Campaign season means signs are all around us

Campaign signs can quickly get out of hand. (PHOTO: Screenshot from amusing video by Ryan Jackson of the Edmonton Star)

Aaron J. Brown

Aaron J. Brown is an Iron Range blogger, author, radio producer and columnist for the Hibbing Daily Tribune.

Someone just posted a campaign sign down the road. Well, there goes the neighborhood.

This sentiment now spreads across Northern Minnesota’s tumultuous political environment. A political cycle defined by white hot rage now enters a new phase: paranoia that the other side is messing with your signs.

I’ve worked in journalism and I’ve managed political campaigns. As a result, I’ve spent an alarming portion of my finite life force fielding questions, requests and complaints about campaign signs.

“The [other side] stole my sign!”

How do you know?

“It’s gone!”

Substitute the words “hair,” “youth,” or “money” for the word “sign,” and you see the fallacy.

Experience tells me what happens to most missing campaign signs. Public works crews pick up the lion’s share because they’re posted in the right-of-ways or on government property. In other cases, overzealous teens or unaffiliated cranks actually do steal signs, but almost never on behalf of opposing campaigns. Ceramic garden gnomes face similar peril.

Every once in a while you hear about a candidate who flips their lid and goes on a sign raid, but this is rare. It tends to accompany other behaviors that ensure this person doesn’t last long in politics.

One time when I lived in town I noticed that holes had begun to appear in a campaign sign that I posted in my yard. “Vandals!” I cried. “I shan’t be swayed by this base intimidation!”

Then a few days later I saw a bird fly directly into the same sign, plunging its sharp beak into the soft corrugated plastic. Those were beak holes. I don’t know if all birds are Republicans, but that bird certainly was.

You might rightly wonder whether these signs make a difference. Isn’t this sign drama is just a necessary side effect of representative democracy?

This gets to the age-old debate over yard signs in politics. Candidates and their most strident supporters love campaign signs. Why wouldn’t they? Have you seen them? They have the candidate’s NAME on them and PRETTY COLORS. The new ones even have their PICTURE. Every time you see one you feel like you’re WINNING.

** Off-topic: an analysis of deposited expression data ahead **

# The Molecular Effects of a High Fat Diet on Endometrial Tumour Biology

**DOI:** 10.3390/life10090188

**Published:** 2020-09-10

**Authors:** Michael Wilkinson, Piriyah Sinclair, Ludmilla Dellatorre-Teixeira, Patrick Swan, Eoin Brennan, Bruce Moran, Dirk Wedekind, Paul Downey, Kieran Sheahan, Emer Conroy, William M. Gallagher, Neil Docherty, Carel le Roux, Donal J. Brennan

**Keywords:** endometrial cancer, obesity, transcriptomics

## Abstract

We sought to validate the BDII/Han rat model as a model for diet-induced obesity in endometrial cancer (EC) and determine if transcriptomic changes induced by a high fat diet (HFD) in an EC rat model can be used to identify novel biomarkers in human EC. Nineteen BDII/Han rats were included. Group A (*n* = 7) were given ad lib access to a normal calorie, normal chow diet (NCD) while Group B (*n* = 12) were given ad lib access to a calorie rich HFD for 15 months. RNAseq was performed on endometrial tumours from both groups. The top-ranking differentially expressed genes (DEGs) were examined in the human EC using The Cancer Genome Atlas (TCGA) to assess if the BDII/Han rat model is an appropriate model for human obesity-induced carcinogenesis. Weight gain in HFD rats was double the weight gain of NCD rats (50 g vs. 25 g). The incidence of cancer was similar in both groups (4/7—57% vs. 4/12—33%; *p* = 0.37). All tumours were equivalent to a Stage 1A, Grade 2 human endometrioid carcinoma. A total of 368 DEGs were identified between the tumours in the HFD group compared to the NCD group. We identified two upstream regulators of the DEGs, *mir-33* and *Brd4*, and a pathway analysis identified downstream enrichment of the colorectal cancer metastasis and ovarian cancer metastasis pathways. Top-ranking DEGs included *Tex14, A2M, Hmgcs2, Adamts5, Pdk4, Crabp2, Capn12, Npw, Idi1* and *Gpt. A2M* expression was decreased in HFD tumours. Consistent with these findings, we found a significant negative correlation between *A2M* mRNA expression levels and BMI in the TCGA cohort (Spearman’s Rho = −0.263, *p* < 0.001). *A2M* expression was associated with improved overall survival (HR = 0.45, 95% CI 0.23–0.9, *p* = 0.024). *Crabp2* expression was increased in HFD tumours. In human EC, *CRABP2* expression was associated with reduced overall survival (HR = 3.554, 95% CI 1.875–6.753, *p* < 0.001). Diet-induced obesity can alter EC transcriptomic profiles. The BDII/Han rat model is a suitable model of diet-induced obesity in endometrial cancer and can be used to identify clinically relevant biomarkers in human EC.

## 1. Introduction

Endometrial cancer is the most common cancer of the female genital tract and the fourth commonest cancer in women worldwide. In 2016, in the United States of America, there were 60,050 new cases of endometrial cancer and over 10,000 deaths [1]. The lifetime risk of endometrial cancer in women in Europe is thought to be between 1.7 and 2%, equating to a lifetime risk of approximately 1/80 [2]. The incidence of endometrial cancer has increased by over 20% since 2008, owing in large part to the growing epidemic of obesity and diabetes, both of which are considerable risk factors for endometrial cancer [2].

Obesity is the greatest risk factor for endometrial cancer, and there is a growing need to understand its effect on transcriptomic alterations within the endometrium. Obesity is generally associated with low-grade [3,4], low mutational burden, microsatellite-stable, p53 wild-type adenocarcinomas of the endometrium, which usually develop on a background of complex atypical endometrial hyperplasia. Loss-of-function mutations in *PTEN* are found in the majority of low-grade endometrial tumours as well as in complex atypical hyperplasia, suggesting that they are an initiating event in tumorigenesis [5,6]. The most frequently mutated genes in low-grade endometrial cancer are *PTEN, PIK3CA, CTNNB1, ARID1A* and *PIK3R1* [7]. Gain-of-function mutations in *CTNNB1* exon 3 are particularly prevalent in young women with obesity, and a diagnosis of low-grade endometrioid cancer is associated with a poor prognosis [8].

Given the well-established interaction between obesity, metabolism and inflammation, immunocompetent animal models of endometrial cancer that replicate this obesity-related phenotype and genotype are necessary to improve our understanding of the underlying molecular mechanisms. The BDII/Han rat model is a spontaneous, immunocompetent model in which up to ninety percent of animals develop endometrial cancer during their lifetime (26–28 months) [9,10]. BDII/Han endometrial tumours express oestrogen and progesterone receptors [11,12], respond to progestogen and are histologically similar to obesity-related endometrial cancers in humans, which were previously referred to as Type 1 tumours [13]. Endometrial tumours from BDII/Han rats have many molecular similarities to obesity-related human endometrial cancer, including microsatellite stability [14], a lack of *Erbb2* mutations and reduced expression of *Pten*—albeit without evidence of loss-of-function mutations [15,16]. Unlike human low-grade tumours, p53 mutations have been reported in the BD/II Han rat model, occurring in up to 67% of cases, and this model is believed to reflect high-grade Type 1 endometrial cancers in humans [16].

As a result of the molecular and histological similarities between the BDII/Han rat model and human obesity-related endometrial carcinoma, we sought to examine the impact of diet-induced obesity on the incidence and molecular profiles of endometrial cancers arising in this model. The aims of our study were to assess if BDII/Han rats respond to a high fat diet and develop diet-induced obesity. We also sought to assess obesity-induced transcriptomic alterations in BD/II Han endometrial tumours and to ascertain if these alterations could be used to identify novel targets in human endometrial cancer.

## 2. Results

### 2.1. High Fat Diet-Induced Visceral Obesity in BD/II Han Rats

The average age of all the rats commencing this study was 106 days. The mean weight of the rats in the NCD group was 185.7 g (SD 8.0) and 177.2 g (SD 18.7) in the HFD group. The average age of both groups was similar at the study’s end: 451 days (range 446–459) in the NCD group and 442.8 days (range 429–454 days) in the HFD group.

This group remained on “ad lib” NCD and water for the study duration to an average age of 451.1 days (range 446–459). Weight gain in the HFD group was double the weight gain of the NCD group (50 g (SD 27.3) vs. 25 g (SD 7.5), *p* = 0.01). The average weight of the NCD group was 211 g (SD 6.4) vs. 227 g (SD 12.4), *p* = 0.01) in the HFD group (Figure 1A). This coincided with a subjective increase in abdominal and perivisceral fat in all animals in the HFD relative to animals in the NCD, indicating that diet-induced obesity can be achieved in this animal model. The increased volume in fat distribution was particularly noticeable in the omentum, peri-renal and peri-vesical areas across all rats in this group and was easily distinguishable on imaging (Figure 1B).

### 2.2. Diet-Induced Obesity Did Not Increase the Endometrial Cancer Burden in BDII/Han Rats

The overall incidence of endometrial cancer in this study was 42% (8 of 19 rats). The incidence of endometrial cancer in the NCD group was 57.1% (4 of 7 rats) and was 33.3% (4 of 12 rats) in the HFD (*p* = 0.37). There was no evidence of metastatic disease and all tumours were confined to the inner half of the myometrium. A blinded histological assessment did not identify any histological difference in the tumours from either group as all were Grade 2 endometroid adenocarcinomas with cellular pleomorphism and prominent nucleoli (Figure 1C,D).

But campaign professionals, who dedicate hundreds of hours to distributing and maintaining the infernal things, find them to be nothing but trouble. Direct contact with voters is the single best strategy to persuade people to vote and to support your candidate.

So who’s right? That’s at the heart of a 2015 Philip Bump story in the Washington Post that made the rounds again recently.

Columbia University professor Donald Green and fellow researchers took a look at the effectiveness of campaign lawn signs in the results of elections in several locations during the 2014 election. It was the first research of its kind.

What they found was that campaign yard signs do improve vote shares for their candidates, but only in the smallest way. Signs help boost percentages by just over 1 percent, roughly the same as direct mail (a subject for another day). In other words, most races aren’t determined by the presence of campaign signs, even though they demand so much attention.

For campaign sign proponents, however, 1.2 percent is just enough reason to keep going. To quote Jim Carrey’s Lloyd from “Dumb and Dumber”: “So you’re saying there’s a chance.”

I used to feel differently about campaign signs. When I lived in town I honestly believed that putting a sign in my yard just might tilt the delicate balance of American democracy toward my way of thinking.

Later, I moved down a long dirt road in Balsam Township, bringing my sign-happy ways with me. But after just one election season I quickly realized that the only people who saw my signs were relatives, delivery drivers and the tax assessor. And if there’s a group of people who carry around immovable views on politics it’s relatives, delivery drivers and tax assessors.

So I didn’t put up any signs in 2016. I probably never will again. I collected a few from the dump as political oddities, but that’s really all they are to me at this point.

A few years ago, I met with some Swedish journalists in Hibbing during an election season. They were surprised by all the campaign signs dotting the yards of our fair town. They wondered how we could get along amid such visible disagreement.

Of course the answer is “we don’t,” but I wasn’t going to tell our guests that. Nevertheless, I was curious how campaigns looked back in Sweden. Do people put out yard signs?

Her answer was short and sweet.

“We don’t. We just vote, and then it’s done.”

Crazy foreigners.

Aaron J. Brown is an author and college instructor from northern Minnesota’s Iron Range. He writes the blog and hosts the Great Northern Radio Show on Northern Community Radio. This piece first appeared in the Sunday, July 29, 2018 edition of the Hibbing Daily Tribune.